The last few months and years have seen a string of enormous corporate failures – from FIFA, to the Cooperative Bank in the UK, and more recently Volkswagen. Of course each one of these has a very different set of causes, but can they tell us anything about the values of these organisations, and about the sort of systems and processes we will need for companies to be fit for the 21st Century?
The values gap
What each of these failures demonstrate is a very clear gap between the stated values and the actual behaviour of these organisations.
FIFA for example states that its primary objective is “to improve the game of football constantly and promote it globally in the light of its unifying, educational, cultural and humanitarian values, particularly through youth and development programmes", and also of course to organise “inspiring tournaments”. It also claims a third “pillar” of caring about the environment and society through the reduction of unnecessary ecological footprint and promoting positive solutions.
The Cooperative Bank has been guided by an ethical and cooperative spirit since its founding in 1872 and with a specific ethical policy, which reaches out to its customers to ask them how they think they should operate. After the disaster of 2013 this policy has had a huge overhaul, with a new five pillar approach: Ethical banking (not providing services to organisations that conflict with their ethical policy); ethical products and services; ethical business (including how they deal with suppliers and external organisations); ethical workplace and culture, and ethical campaigns – going back to the roots of the movement and campaigning for social and economic change.
Volkswagen claim: “We run our business responsibly and with a long-term perspective along the entire value chain. Everyone should benefit from this – our customers, our employees, the environment and society.” Now we know they were systemically falsifying the emissions data on over 11m diesel cars, potentially causing damaging pollution and possibly destroying a brand that had been built on reliability and integrity.
So what’s at the root of these corporate failures?
Disconnection of values
One issue is a disconnection of values – a break between public and private values – between what organisations say and what they do. Since the advent of CSR, this has been a familiar behaviour for some organisations, where accountability and sustainability are seen as a PR annoyance (and in many large corporations the CSR department actually sits within a communications directorate).
There’s also a more personal values gap – where people actually quite deliberately leave their personal values at the office door and act in ways when they are wearing a corporate hat that they wouldn’t dream of outside the office. Often they are encouraged or pressured to do this, for example when pressure is put on people to sell unsuitable products.
A new era for corporate accountability?
It’s clear that corporate accountability and transparency have improved over the last couple of decades, from a focus on direct impact to carbon emissions, water use and supply chain issues – but there are still several gaping holes. There’s no real consistency in the depth and breadth of these efforts, for example, over the way that the organisation itself behaves to its workers. The revised Cooperative Bank policy seems to be moving in the right direction, looking not only at its external business practice (e.g. not lending to businesses in conflict with their ethics) but at the way they manage themselves (how they treat their suppliers and workers).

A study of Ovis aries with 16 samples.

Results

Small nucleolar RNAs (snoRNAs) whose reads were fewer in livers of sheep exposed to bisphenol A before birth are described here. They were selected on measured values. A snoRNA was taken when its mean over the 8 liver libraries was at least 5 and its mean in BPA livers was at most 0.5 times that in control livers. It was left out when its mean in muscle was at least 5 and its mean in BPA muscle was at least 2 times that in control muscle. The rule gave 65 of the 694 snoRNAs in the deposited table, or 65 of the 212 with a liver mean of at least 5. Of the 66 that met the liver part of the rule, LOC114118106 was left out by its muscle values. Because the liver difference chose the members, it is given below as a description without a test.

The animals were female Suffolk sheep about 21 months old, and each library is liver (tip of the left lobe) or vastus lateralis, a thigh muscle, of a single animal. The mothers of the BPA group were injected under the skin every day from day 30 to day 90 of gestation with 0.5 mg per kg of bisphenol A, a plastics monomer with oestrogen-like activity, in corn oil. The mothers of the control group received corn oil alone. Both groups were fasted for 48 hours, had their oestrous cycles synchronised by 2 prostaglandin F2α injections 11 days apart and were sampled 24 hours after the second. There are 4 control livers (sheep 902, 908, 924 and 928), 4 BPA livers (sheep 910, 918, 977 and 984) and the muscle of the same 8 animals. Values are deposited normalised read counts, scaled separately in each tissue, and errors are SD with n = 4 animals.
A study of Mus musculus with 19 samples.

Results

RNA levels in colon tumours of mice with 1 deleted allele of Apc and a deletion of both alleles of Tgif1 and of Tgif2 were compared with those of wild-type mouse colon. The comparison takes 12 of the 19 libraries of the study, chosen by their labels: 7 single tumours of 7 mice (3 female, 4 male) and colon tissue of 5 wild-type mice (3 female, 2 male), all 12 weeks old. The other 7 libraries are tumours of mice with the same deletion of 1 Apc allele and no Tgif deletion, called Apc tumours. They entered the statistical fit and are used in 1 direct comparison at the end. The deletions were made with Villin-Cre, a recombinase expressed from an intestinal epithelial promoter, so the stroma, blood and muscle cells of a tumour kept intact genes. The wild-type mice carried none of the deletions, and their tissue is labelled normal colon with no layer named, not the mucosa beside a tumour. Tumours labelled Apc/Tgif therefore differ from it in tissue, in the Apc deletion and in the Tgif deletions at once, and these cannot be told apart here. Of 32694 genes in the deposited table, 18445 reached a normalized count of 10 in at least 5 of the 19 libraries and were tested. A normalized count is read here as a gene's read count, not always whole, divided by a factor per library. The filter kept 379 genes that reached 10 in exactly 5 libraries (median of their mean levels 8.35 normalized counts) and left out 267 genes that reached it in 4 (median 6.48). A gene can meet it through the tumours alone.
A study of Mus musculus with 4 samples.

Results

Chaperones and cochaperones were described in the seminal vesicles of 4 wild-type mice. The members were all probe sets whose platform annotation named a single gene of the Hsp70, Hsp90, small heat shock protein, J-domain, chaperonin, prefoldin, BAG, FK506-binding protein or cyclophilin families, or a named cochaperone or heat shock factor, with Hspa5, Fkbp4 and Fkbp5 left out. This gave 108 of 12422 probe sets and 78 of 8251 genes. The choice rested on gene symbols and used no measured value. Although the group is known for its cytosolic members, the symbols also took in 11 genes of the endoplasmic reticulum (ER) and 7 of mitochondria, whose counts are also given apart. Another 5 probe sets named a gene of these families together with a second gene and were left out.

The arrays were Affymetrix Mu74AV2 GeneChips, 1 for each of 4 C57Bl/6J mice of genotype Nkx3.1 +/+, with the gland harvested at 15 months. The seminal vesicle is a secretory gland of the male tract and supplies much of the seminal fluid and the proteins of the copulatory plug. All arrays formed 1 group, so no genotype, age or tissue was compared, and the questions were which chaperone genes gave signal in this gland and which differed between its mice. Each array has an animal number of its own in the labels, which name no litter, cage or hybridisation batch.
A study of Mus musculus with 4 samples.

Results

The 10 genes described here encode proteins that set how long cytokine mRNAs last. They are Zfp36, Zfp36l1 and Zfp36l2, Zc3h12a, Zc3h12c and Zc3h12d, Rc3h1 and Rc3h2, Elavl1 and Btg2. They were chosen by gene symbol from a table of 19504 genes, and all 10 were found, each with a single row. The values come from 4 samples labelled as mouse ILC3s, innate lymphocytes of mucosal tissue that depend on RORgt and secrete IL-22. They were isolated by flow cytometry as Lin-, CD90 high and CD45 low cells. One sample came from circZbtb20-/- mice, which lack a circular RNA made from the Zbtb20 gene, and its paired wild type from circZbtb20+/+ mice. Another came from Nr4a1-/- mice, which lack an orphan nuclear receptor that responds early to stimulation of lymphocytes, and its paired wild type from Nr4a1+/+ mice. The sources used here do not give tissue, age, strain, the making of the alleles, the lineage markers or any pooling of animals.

Each of these examples is one where a crisis has triggered change – and we yet have to see if any of these organisations can rebuild themselves and actually live up to their values. Surely we can hope that some companies don’t need a crisis to encourage this kind of change.
But even for companies that are trying to do the right thing, there is still a huge gap that needs to be addressed. Beyond all the impacts that are already measured and reported on - direct, indirect, water footprint and so on - there’s a values footprint that is caused by the way a company operates and communicates that might have as large an effect ultimately as all the things currently reported on.
For example, all kinds of organisations still use advertisements for products that portray a Benny Hill level of taste in the way they portray women, in ways which may have long term effects on people who see them and buy their products, like the recent “Beach Body Ready” adverts. It’s not just the people like Protein World or Ryanair who deliberately push the boundary, much of it is far less deliberate but maybe just as damaging – like the Robert Dyas catalogue personalised with the owner Theo Paphitis and ‘Mrs P’ giving ‘likes’ to various products: Mrs P ‘likes’ bakeware, a vacuum cleaner and an iron; Theo ‘likes’ a Bluetooth boomer speaker, a CCTV system and a Leafblower. They would say that this is all a bit of fun, and anyway they do measure lots of important things – but not the values footprint of these ads (or other parts of their operations).
The metrics and systems don’t exist to do that yet; the analysis that we’ve done in Common Cause Foundation, including the report we co-authored with Public Interest Research Centre “Think of Me as Evil?” could and should be extended into the values footprint of companies, so it becomes as normal and expected for a company to report on their values footprint as their carbon footprint.
Systemic problems need systemic solutions: companies fit for the 21st Century need to put values at the core of their operations and reporting.